A third-party review of workplace conditions inside the city’s police department is on the way, according to the chair of the Calgary Police Commission, following recent public complaints made by the force’s former director of human resources.

Shawn Cornett made the announcement Wednesday at a public meeting of the police department’s oversight body, saying the review comes after recent months of discussion.

She said progress has been made over the past decade to address bullying and harassment — noting “extensive” efforts to create a respectful workplace — but the work isn’t complete.

“While a lot of work has been done, we also know that problems persist,” Cornett said.

“When we look at the employee surveys, we have not seen the change we hoped when it comes to employees’ trust that harassment and bullying, including gender-based harassment, is being addressed properly.

“The recent public allegations made by a former employee also raised serious concerns.”

Cornett was making reference to public complaints made by a former human resources director at the Calgary Police Service (CPS).

Angela Whitney, who worked with CPS from 2019 until her resignation in 2021, has alleged the service was “rife with harassment, bullying and discrimination.”

CPS has filed a lawsuit against Whitney, asking a judge to force her to remove “inappropriate social media posts” that, according to the statement of claim, “divulge confidential information about the CPS and its employees.”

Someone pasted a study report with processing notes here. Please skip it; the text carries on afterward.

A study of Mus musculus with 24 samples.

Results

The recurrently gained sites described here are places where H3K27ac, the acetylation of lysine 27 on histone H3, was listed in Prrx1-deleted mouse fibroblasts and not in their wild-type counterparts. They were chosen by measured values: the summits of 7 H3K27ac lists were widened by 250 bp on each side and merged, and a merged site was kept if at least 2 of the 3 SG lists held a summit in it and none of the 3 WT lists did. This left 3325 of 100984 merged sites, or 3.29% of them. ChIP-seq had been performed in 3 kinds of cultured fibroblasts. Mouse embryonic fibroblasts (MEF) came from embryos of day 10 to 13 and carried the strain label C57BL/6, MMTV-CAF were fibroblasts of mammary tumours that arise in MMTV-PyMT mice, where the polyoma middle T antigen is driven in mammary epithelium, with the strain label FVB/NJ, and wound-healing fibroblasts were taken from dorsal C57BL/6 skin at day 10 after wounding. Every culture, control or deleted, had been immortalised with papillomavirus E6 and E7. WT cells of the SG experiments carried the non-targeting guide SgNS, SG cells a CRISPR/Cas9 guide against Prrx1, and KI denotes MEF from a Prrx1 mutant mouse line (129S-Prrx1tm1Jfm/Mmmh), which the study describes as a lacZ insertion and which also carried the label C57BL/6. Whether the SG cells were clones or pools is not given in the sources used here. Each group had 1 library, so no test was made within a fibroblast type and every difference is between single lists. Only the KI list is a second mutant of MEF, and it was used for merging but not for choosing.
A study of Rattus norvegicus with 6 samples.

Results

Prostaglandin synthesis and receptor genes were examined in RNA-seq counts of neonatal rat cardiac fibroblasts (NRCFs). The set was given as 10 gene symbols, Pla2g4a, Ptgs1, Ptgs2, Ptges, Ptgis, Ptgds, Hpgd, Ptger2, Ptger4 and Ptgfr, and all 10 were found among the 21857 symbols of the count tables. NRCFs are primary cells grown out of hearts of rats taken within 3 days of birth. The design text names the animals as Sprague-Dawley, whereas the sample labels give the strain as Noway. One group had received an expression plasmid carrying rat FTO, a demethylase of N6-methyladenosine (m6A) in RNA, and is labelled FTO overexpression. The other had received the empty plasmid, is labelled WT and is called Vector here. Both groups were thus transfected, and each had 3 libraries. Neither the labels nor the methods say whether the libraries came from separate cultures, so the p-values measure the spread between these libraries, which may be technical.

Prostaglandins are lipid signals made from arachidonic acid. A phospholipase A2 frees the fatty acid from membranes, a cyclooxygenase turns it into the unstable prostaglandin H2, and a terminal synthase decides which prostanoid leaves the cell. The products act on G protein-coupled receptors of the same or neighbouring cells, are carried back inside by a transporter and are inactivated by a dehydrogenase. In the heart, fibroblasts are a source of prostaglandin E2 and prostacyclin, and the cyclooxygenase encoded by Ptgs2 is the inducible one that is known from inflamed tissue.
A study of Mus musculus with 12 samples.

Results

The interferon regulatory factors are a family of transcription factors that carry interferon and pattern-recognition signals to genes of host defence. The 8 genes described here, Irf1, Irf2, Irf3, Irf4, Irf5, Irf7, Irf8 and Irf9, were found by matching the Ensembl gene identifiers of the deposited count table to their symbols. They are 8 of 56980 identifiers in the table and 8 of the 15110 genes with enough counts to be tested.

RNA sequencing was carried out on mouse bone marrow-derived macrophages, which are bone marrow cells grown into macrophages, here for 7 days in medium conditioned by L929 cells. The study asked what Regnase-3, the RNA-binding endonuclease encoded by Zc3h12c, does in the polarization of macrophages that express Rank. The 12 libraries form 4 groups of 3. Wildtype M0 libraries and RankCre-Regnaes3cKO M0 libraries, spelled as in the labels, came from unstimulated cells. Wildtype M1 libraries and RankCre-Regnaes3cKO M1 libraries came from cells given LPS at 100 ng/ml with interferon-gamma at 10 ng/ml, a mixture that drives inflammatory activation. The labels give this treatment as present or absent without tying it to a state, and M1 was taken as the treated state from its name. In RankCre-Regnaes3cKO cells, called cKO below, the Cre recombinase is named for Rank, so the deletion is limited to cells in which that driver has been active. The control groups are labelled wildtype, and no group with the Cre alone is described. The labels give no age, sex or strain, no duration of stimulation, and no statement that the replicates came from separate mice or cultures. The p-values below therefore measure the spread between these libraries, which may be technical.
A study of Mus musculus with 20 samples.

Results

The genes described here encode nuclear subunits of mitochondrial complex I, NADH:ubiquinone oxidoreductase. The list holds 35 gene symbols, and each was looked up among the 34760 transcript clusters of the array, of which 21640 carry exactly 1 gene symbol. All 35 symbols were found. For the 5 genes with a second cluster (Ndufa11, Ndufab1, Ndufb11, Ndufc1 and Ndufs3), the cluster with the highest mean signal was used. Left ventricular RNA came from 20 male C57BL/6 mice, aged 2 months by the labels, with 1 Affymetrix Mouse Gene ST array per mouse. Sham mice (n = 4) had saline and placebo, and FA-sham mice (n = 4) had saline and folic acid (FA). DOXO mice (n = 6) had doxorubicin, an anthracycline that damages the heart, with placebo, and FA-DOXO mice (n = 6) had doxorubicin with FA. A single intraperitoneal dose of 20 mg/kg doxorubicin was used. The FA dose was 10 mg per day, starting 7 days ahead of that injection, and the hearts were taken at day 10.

Cornett told reporters the commission had been discussing the need to go back and look at the culture of the police department, noting previous reviews over the past decade.

In 2016, for instance, a previous iteration of the police commission publicly directed the police chief to implement the recommendations of a review aimed at addressing bullying and harassment.

She said the commission had not yet received a formal complaint from Whitney, but Cornett added that her public concerns “helped add to that conversation that we were having.”

The chair said the commission now has to determine who will conduct the audit and then put a framework in place for the process, which will look into what’s been done, what’s working, what isn’t, and where there are gaps.

“We are all passionate about the fact that this can’t take forever,” Cornett added, adding she hopes the work could be completed within six months to a year.

In the meantime, she said work in those areas within the department should continue.

Police Chief Mark Neufeld said the department will co-operate fully with the review.

“I think it’s a great idea,” he said.

“I’m hopeful there are some insights to say you need to adjust here or put some extra emphasis there. I think all of that is really good. But in the meantime, I feel like we know what we need to do. We’re on the path, and we’ll keep doing it.

“That is not to say it’s perfect. I think any review of any workplace would find that there are imperfections and there’s challenges and issues — and I think more than ever these days.”

Neufeld said the police service wants to make sure it has “a safe, respectful and inclusive environment.”